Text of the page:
EU Slashes Growth Forecasts for UK Economy Ahead of Brexit Talks

In this photo illustration the new £1 pound coin is seen on April 4, 2017 in Bath, England. Currency experts have warned that as the uncertainty surrounding Brexit continues, the value of the British pound, which has remained depressed against the US dollar and the euro since the UK voted …

Chancellor Phillip Hammond had used TV appearances over the weekend to hint that the UK was balancing its books, reducing the deficit, and could move to end austerity soon.

The EU annual assessment of the British economy was leaked to The Sunday Times, with earlier versions available online. It says the economy has already “slowed markedly” and growth will be “subdued” in coming years.

“Economic growth in the UK has slowed markedly since the start of 2017,” the report says. “GDP growth is expected to remain subdued, slowing gradually to 1.3 per cent in 2018 and to 1.1 per cent per cent in 2019.”

The report blames “the squeeze on real disposable incomes” and “stagnation of labour productivity”. The Office for Budget Responsibility (OBR) predicted growth of 1.4 per cent this year and 1.3 per cent in 2019 at the time of the budget last November.

In the Commission’s economic forecast for the UK in winter 2018, released earlier in March, the body insisted their predictions were impartial, not bias, and not influence by the Brexit vote.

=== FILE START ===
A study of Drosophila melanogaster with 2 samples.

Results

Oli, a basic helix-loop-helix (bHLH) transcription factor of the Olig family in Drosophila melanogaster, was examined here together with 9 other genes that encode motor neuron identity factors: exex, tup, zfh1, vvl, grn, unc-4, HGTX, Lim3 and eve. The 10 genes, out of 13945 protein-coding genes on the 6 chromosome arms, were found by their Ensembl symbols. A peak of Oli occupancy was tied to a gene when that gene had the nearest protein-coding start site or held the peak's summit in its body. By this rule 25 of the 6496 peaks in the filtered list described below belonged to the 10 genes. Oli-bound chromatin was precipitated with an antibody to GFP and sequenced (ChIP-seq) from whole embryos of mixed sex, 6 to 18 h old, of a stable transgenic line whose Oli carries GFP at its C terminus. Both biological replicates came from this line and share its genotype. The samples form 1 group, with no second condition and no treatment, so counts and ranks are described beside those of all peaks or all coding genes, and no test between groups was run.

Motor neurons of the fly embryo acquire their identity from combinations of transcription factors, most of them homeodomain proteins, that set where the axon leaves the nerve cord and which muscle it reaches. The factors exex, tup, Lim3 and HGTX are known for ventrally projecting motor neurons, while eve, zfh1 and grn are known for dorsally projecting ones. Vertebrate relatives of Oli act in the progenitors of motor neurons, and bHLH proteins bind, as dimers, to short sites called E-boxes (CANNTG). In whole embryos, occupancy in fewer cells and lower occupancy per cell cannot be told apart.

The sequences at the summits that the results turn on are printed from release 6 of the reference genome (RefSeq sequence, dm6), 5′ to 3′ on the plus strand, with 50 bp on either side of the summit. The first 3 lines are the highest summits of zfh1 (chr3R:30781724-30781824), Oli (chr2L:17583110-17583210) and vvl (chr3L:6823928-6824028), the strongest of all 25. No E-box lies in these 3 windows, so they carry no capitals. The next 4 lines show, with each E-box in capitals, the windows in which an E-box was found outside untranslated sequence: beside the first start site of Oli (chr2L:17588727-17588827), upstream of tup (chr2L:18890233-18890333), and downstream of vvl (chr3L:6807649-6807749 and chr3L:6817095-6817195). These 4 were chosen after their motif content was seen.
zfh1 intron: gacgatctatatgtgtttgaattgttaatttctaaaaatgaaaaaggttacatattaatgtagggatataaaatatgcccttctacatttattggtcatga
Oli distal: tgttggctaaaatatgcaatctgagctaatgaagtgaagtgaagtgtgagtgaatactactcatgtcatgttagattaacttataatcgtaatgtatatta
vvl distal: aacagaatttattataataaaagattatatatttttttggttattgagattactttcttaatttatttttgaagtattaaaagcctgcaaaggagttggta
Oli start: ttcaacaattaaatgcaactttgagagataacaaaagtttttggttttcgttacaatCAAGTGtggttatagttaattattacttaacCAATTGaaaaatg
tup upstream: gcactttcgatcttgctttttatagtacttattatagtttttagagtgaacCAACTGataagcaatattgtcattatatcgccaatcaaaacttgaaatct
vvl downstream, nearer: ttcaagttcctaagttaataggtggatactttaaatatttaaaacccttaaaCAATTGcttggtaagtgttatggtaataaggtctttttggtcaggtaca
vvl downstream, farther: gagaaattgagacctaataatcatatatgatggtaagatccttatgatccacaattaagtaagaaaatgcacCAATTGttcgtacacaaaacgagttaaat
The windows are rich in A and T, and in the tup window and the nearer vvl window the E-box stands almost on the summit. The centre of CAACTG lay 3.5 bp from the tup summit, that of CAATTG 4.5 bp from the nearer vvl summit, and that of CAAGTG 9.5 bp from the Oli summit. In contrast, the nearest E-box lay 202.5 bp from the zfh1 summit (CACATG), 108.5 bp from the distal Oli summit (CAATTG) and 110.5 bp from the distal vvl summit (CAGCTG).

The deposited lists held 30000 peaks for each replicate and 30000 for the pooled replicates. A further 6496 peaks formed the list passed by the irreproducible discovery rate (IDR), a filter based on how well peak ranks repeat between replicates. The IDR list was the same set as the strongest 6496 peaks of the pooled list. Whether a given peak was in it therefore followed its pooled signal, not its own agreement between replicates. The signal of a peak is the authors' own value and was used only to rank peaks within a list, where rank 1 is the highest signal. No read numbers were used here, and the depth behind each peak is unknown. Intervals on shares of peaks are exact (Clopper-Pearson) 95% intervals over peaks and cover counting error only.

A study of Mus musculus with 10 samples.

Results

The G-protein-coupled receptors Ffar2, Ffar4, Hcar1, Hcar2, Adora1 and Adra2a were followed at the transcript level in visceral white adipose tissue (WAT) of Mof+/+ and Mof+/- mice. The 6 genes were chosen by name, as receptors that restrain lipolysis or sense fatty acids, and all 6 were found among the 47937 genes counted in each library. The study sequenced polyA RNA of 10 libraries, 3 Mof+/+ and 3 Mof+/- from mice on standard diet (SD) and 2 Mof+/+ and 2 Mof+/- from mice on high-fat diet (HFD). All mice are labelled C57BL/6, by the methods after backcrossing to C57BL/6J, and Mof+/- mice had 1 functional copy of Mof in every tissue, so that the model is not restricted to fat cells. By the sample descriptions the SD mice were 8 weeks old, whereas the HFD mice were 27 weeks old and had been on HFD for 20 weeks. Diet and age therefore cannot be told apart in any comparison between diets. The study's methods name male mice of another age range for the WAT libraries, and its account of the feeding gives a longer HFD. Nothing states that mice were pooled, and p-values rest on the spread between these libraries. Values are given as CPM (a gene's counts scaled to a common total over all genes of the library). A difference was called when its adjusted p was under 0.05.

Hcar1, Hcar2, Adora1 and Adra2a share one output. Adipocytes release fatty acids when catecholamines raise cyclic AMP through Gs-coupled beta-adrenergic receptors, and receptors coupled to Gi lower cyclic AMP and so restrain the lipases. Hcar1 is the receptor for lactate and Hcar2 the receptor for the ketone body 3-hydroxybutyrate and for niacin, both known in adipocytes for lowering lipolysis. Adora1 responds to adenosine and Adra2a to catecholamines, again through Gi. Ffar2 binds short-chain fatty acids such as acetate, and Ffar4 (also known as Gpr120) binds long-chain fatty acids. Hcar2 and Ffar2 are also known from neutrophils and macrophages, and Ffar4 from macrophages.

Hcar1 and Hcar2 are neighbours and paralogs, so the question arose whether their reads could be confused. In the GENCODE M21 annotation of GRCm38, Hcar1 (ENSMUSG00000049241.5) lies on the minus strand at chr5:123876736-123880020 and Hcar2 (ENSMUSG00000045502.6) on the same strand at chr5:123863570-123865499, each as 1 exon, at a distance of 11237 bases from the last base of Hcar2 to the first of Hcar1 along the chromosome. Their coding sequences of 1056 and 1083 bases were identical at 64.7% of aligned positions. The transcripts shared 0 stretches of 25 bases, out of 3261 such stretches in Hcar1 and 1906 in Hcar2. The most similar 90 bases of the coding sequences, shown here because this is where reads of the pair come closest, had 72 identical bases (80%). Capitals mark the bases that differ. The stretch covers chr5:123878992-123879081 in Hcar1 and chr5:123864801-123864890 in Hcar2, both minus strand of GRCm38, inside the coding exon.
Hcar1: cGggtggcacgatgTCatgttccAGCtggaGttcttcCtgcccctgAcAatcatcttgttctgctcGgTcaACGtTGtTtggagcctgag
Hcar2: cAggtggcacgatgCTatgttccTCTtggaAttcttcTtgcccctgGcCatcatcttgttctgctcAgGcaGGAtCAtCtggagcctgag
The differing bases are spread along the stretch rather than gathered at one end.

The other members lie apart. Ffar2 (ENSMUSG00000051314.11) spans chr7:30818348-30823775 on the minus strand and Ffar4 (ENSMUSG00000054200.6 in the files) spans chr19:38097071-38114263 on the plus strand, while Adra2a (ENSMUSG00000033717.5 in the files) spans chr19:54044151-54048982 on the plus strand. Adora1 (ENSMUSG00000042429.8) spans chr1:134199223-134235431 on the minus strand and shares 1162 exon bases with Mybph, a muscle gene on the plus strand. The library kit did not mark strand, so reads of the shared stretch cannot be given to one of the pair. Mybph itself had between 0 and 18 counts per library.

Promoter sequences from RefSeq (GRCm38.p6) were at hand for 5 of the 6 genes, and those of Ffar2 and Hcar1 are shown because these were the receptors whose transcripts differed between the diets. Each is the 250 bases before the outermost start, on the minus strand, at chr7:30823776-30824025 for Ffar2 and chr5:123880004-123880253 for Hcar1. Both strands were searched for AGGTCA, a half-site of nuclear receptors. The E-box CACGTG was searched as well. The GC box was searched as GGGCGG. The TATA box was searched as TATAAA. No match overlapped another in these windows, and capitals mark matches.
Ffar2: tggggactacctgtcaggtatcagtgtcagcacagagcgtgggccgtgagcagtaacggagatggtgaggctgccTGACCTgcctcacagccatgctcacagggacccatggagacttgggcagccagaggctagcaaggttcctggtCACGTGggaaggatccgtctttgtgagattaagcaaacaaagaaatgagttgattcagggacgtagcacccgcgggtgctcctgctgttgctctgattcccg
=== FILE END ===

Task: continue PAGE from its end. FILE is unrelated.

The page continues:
It said: “Given the ongoing negotiations on the terms of the UK withdrawal from the EU, our projections for 2019 are based on a purely technical assumption of status quo in terms of trading relations between the EU27 and the UK.

“This is for forecasting purposes only and has no bearing on the talks underway in the context of the Article 50 process.”

Meanwhile, Mr. Hammond is expected to announce this week that borrowing will be £10 billion lower this year than previously forecast.

Sunday night, he said growth and spending cuts had meant “we can spend more on public services instead of debt interest, and enabled people to keep more of what they earn”.

He added: “Thanks to the hard work of the British people, we’re now at a turning point. Over the last two quarters we have seen the first signs that productivity growth – the key to higher wages – may be increasing and this year we are forecast to see the beginning of the first sustained fall in debt for a generation.

“It has been a long road and there is still work to be done, but I am confident that there is light at the end of the tunnel.”